Yuan Dynasty, Early 14th Century
the cup with deep sides divided into five petal-lobes outlined on the interior with strings of ‘pearls’ which rise from a small appliqué prunus blossom in the center and continue around the shaped and flared mouth rim, the exterior with narrow ribs and grooves to define the petals, covered inside and out with a glaze of pale bluish tint and resting on a small ring foot; the shallow dish with narrow rounded sides rising to a flared rim divided into six petal-lobes and embellished with a thin string of ‘pearls’ along the lip, decorated on the interior with a scene of a scholar standing beneath a willow tree in conversation with a young woman holding a letter, all drawn in white slip under a matching pale bluish glaze, the flat base of the dish unglazed and the exposed porcelain fired to salmon-pink.
Dish Diameter 5 9⁄16 inches (14.2 cm)
Cup Diameter 2 3⁄4 inches (7 cm)
Qingbai porcelains of this very rare type, with appliqués, ‘pearl’ strings and underglaze slip decoration, were produced at Jingdezhen during a brief period of rapid technical and aesthetic development early in the 14th century, immediately before painting in underglaze-blue became the dominant style of porcelain decoration. For a detailed discussion of this group of wares see Medley, Yuan Porcelain and Stoneware, London, 1974, pp. 21-24. where the author illustrates a Qingbai flower-shape cup of related form in the Cleveland Museum of Art decorated in the same technique with an appliqué flower and strings of ‘pearls’ on the interior and around the petal-lobed rim, op. cit., pl. 8B. The same Qingbai cup is illustrated again by Cunningham et al., Masterworks of Asian Art, Cleveland, 1998, pp. 68-69.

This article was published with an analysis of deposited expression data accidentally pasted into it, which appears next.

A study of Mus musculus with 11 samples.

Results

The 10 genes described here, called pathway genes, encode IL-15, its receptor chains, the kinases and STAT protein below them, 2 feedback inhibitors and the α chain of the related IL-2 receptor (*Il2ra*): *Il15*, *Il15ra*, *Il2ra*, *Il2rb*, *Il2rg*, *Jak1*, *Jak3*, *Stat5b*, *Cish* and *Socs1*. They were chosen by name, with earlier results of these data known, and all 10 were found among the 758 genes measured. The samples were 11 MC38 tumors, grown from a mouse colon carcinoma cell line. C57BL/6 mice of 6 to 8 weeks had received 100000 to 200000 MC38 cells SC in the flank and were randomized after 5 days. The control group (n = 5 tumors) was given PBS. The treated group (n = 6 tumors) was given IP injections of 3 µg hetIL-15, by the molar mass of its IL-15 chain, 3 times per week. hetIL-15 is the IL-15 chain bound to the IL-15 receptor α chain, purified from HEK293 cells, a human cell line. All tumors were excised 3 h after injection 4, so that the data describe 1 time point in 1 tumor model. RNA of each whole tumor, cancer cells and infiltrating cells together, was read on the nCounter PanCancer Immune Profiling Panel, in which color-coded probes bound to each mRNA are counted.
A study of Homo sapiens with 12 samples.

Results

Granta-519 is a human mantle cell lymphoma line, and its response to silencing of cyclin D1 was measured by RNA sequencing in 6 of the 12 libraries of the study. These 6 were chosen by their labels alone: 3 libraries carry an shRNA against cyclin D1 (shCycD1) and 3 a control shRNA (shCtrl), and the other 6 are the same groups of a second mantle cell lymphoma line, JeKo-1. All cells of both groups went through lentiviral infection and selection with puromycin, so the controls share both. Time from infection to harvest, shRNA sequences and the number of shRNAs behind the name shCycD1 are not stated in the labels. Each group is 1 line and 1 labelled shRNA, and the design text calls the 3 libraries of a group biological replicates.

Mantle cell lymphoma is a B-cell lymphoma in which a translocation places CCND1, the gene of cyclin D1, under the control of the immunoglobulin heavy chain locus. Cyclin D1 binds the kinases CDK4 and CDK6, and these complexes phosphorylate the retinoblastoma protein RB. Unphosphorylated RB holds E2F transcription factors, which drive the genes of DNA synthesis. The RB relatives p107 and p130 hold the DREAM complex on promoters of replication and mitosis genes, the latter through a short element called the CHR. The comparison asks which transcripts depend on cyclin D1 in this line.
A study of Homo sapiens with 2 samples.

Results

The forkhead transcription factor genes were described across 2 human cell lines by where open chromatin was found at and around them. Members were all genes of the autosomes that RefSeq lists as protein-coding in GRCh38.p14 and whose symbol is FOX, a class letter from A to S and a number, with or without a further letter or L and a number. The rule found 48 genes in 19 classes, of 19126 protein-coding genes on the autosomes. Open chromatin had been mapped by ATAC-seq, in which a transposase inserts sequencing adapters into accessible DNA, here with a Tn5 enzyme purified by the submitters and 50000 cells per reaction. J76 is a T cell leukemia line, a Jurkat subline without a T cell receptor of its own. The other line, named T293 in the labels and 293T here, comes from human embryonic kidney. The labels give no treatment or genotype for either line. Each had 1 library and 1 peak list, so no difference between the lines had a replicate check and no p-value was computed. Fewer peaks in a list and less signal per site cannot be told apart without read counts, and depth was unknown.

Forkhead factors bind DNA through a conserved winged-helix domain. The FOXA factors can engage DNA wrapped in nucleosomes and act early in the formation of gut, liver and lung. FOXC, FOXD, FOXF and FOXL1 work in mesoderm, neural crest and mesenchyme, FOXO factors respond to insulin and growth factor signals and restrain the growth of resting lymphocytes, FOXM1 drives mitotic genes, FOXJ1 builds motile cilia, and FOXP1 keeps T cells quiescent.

A very similar Qingbai porcelain cup and foliate dish in the collection of the Baltimore Museum of Art is illustrated by Klapthor, Chinese Ceramics from the Baltimore Museum of Art, Baltimore, 1993, p. 39, no. 27.
The scene depicted on the dish probably refers to a popular Yuan dynasty zaju (雜劇) drama, At Dongting Lake Liu Yi Delivers a Letter (Dongting hu Liu Yi chaun shu 洞庭湖柳毅傳書), showing Liu Yi meeting San Niang herding sheep by the Jing River. Liu Yi is dressed in scholar’s attire and standing by a willow tree (liu 柳), indicating his family name, and one of San Niang’s sheep stands at her feet.